Editorial: ‘Extra’ school funding wasn’t nearly enough
No wind in sails for Utah schools
Published: February 12, 2014 12:03PM
Updated: February 12, 2014 12:02PM

It happens whenever revenue is available to barely cover the cost of educating the additional children added to school enrollment every year and also to pay for mandated retirement and insurance benefits for employees. Except for three years during the recent recession, when not even enrollment growth was fully funded, it happens every year.

The additional revenue legislators funneled to education last year sounds like a lot of money — especially when politicians want credit for being champions of schools and kids — and it is. But those hundreds of millions don’t get spent on teacher training or higher pay for excellent teaching, for smaller classes or more help for struggling students, as Tribune reporters discovered. It simply maintained the status quo.

The simple truth — no matter what message comes from Capitol Hill — is that, unless legislators make some commonsense changes to tax and fee systems, there will be no more money in any significant amount for any of those things.

Utah’s birthrate — the highest in the nation — means the state has the youngest population, with fewer taxpaying adults to fund education for more children. But that demographic reality doesn’t mean we have to throw up our collective hands and declare defeat. Our children are too important for us to accept that Utah is doomed not only to remain dead last among all states in per-pupil funding but also to sink ever further below the state just above.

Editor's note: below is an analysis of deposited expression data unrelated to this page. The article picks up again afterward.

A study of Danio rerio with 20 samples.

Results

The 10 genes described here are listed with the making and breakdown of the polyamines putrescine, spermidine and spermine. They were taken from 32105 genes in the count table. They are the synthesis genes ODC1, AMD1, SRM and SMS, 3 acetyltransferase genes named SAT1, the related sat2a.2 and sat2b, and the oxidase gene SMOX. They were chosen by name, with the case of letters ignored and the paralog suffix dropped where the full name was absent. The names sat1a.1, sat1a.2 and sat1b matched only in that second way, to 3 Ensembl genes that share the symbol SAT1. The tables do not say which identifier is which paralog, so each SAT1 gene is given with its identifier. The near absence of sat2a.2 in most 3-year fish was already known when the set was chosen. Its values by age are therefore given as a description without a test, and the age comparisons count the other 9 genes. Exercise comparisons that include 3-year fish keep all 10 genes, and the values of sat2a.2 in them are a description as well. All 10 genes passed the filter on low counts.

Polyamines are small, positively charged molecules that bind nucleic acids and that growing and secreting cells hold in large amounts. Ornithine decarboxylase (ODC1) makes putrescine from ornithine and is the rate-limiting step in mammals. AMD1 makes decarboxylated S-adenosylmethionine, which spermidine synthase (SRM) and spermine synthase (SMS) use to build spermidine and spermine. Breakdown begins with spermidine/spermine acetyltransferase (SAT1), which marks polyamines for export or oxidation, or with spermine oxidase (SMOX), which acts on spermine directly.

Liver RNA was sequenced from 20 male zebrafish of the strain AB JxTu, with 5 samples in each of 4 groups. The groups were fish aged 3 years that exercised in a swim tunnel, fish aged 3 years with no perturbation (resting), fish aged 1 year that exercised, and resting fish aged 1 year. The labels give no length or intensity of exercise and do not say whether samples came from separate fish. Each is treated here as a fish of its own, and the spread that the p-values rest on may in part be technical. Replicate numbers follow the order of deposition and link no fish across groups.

There are sources legislators could reasonably tap to increase money for education. And we’re not referring to the misguided concept of taking ownership of federal lands in the state, often disingenuously touted as a boon for schools.

Since the Utah Constitution was changed in 1996 to allow income-tax funds to be used for higher education as well as for public schools, the state has shifted general-fund allocations away from higher ed to such items as highways. A long-overdue fuel-tax increase could reduce the drain on public education going to transportation.

Broadening the sales tax to include all services, reforming the income tax to reduce personal exemptions and add a surcharge on the wealthiest Utahns, reducing exemptions to severance taxes on oil and gas and imposing a severance tax on coal are all changes worth consideration.

Virtually all legislators claim “public education” as their top priority when campaigning. We’d like to see them make good on that claim.